All she wants is a set of wheels to call her own
Culture is a funny thing. We live within our own like a fish in water, so accustomed to its presence we almost forget it is there. Yet, if we were taken out of our comfortable surroundings and dropped into a foreign world, we might be as inclined as a fish to thrash about while trying to get our bearings.
I felt a little that way while watching Wadjda. This story about a young girl growing up in Riyadh, Saudi Arabia is told in the Arabic language, with English subtitles—for people like me. It requires the viewer to learn a different set of social regulations in order to really appreciate the plot. Undoubtedly I have missed quite a few of these subtleties, but this is the story as I understand it.
At ten-years-old, Wadjda (Waad Mohammed) is beginning to feel a bit of a rebellious teenaged spirit. In a country where genders are kept at a distance, she hangs out with a local boy named Abdullah (Abdullrahman Al Gohani) while both are on their way to separate schools. Her mandatory headdress tends to fall off while she runs on the public streets. She wears tennis shoes and jeans under her traditional dress. And she listens to music on a pirated radio station. Yet the greatest desire of her heart is to own a bicycle - even though girls shouldn’t ride them because doing so could be “dangerous to her virtue.”
Meanwhile, her mother (Reem Abdullah) is too preoccupied with herself to pay much attention to Wadjda’s indiscretions. At first she appears just vain—taking hours to do her hair and make-up, and dressing in expensive clothes—only to cover up all her efforts with an abaya and Niqāb (black cloak and veil) before leaving the house. But as the story unfolds, we start to suspect this attention to her private appearance might have more to do with the fact her husband (Sultan Al Assaf) is considering marrying a second wife.
With little parental attention, Wadjda is free to pursue her goal of buying a bike. And she has no scruples about her methods for raising the funds. Selling bracelets in football team colors and copies of popular music (both prohibited), collecting money for secretly passing documents and soliciting pity are all methods she employs. Still, the profits are meager. Then she hears about a contest at school with a cash prize. All the winner needs to do is answer some trivia questions and recite the Koran. When she signs up with the religion club, it becomes obvious how little she knows about the faith. All the same, her valiant attempt is noticed by the school’s principal Ms. Hussa (Ahd), who hopes Wadjda’s sudden interest is an outward expression of an inner conversion.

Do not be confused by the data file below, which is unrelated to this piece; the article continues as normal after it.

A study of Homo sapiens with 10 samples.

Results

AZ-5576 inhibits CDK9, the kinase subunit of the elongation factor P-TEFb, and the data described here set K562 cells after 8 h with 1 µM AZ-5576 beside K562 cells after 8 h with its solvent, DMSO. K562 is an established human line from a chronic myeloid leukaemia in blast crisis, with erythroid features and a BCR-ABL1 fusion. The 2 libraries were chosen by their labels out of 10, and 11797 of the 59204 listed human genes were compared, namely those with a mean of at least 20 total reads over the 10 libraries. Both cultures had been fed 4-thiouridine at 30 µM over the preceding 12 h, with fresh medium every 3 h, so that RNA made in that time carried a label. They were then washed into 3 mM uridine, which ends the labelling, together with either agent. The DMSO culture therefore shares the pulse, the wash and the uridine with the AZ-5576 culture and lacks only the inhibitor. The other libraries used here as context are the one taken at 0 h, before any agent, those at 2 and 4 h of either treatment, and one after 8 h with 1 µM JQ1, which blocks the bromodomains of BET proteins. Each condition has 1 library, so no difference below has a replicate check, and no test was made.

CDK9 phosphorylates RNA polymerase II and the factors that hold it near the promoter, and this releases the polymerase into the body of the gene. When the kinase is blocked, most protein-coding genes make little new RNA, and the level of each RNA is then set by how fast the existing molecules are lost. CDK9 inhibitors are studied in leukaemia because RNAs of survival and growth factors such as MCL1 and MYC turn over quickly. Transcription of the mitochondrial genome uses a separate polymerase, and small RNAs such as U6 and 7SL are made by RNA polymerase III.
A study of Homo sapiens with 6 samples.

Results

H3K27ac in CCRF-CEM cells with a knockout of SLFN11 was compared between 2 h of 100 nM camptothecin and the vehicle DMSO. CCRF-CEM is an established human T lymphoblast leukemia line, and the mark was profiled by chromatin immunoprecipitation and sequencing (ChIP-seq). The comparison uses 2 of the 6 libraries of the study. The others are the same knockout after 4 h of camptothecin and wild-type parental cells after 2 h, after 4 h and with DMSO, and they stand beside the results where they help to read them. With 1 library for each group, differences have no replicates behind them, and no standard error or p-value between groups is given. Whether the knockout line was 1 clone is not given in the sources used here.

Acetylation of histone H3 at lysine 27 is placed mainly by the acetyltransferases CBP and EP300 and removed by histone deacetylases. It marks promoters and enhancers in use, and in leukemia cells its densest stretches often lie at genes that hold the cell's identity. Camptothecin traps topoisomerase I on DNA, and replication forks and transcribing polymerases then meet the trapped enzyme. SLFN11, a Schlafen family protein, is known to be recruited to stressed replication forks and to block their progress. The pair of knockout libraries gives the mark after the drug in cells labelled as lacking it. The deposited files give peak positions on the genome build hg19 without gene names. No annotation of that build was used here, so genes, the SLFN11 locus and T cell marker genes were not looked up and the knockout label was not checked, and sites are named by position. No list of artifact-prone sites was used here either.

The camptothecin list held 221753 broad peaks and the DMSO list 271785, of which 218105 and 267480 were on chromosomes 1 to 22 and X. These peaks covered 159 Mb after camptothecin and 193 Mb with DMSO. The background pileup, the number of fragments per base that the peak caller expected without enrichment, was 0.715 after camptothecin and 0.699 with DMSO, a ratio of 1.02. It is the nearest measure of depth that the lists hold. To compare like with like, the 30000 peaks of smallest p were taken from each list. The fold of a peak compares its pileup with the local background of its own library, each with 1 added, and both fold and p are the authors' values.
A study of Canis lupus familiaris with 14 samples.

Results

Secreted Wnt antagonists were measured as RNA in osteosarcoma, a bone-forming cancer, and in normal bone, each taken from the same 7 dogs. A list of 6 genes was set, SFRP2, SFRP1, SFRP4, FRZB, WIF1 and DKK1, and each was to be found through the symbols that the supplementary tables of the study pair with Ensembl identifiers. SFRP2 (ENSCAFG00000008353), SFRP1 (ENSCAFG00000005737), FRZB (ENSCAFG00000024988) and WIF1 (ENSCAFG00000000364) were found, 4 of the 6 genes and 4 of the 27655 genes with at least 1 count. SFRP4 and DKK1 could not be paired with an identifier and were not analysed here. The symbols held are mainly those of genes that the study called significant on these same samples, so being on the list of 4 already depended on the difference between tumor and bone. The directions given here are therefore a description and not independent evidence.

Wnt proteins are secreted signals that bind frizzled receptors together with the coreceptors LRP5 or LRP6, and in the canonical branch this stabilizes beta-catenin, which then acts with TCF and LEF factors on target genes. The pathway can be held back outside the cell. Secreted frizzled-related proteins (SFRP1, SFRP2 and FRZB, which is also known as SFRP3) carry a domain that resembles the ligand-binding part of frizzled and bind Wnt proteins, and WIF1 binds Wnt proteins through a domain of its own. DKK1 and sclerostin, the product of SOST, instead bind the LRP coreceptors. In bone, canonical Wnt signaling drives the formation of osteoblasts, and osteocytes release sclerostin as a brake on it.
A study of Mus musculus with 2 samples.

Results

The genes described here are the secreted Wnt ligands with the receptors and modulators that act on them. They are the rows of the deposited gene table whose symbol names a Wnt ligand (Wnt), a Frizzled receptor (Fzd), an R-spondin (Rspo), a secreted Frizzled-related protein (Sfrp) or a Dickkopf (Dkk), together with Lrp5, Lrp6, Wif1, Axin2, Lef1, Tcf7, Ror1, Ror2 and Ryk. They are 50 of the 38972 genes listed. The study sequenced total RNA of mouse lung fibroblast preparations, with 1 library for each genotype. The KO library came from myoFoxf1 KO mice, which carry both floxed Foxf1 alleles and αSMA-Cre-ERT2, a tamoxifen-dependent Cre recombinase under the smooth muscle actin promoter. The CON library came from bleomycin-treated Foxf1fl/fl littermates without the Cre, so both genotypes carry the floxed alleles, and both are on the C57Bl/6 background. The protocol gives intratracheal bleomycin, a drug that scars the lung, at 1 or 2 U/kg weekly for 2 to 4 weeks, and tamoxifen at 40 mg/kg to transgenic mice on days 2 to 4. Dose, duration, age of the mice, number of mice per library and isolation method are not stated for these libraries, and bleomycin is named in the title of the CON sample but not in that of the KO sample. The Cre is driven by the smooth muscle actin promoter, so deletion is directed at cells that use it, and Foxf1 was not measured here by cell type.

Watching this movie, I couldn’t help but feel writer/director Haifaa Al-Mansour was trying to make a statement about the rights of women. And perhaps that is not too surprising considering she is Saudi Arabia’s first female filmmaker. Certainly my Western sympathies sorrowed at the portrayal of a society that permits children to be married before the age of puberty and rejects girls because male posterity has preeminence. Nor did I realize the fairer sex was not allowed to have a driver’s license. However, I wondered if Al-Mansour’s decision to paint the girl’s school principal as pious, unmerciful and intolerant was a bit of an exaggeration intended to press her point.
Then again, I am the floundering fish here. Without a doubt, Al-Mansour presents an interesting slice-of-life that will be novel for most North American audiences, even if it lags at times. Content concerns are minimal, and include a character that smokes, depictions of disobedience/disrespect for cultural rules, and mentions of female biological functions. Also, vague references to inappropriate sexual behaviors are made, along with a man shouting a sexual remark at a child. Still, the movie does make one thing abundantly clear: Women all over the globe have hopes and dreams, and a will indomitable enough to try to pursue their longings regardless of circumstances. Wadjda captures that spirit in the closing scene when she triumphantly calls out, “Catch me if you can!”